A Northern California school and three of its employees have been charged after an autistic student died as a result of being restrained.
Guiding Hands School, a former private school in El Dorado Hills, California, and three of its ex-employees were charged with felony involuntary manslaughter on Tuesday, nearly a year after 13-year-old Max Benson died while in the school’s care, authorities said.
The school’s executive director, principal and a special education teacher were each charged with manslaughter in connection to the student’s death, according to the El Dorado County District Attorney’s Office.
Max, who was diagnosed with severe autism, died on Nov. 28, 2018, after he was placed in a prone restraint by the teacher, who claimed he spat on a classmate and became violent, according to police.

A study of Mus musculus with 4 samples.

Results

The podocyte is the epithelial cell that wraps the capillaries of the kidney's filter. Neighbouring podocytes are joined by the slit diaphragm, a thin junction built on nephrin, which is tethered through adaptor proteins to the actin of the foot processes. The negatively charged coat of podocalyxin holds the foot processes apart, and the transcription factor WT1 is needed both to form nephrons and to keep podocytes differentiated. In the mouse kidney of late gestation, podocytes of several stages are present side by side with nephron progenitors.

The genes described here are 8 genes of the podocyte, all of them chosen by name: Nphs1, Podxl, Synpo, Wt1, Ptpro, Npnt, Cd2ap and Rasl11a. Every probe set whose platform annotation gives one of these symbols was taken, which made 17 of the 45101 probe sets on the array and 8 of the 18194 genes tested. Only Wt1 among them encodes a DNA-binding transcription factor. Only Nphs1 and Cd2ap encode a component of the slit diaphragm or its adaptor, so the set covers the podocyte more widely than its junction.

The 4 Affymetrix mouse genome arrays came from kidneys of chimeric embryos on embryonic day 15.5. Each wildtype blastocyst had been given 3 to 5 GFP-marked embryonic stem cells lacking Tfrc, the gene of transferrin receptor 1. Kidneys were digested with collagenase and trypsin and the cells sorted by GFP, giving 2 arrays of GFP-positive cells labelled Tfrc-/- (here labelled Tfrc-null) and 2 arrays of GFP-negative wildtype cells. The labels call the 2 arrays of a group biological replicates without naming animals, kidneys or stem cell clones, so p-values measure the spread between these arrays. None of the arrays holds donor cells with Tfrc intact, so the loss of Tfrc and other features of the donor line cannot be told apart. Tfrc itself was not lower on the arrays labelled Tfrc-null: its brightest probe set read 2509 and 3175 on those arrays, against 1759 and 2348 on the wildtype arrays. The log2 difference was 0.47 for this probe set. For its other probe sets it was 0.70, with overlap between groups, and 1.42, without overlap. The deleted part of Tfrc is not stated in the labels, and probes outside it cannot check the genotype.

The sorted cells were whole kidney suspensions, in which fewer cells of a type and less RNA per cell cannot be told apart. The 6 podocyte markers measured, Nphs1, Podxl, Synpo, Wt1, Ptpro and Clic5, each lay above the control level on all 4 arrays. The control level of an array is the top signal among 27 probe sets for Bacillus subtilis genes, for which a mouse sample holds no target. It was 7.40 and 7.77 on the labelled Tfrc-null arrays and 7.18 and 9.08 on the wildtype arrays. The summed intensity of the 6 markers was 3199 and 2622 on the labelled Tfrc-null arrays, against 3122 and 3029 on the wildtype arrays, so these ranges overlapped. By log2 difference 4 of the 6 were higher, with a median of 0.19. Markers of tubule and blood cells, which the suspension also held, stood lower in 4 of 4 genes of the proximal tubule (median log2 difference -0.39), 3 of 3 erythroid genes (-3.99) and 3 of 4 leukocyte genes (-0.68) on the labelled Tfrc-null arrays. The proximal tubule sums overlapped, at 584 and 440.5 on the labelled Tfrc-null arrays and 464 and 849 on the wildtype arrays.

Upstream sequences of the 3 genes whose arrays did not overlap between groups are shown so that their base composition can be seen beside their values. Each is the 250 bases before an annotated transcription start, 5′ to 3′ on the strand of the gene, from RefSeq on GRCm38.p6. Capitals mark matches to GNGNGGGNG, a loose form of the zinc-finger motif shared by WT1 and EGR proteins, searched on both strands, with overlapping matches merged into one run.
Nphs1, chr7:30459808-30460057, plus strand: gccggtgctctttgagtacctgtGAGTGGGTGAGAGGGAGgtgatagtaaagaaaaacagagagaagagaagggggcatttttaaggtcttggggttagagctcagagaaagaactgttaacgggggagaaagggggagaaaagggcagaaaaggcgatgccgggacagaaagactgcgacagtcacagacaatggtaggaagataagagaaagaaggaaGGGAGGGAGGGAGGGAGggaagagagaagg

The student, who was described as being 6 feet tall and 280 pounds, became unresponsive while being restrained. A teacher then began administering CPR until a medic arrived.
He was transported to Mercy Hospital of Folsom in critical condition and later to UC Davis Medical Center, where he died two days later, police said.
Founded in 1993, the private school offered education to students ages 2 to 21 in small class sizes from kindergarten through 12th grade, according to its website.
The California Department of Education later suspended the school’s certification in the wake of the child’s death and it shuttered for good in January, Sacramento ABC affiliate KXTV reported.
An inspection report from the California Department of Education found sufficient evidence that Guiding Hands staff restrained Benson “for longer than was necessary” and used more than reasonable force, according to KXTV.
A spokesperson for Guiding Hands did not immediately respond to ABC News’ request for comment late Tuesday.
The three individuals charged will appear for an arraignment on Nov. 13.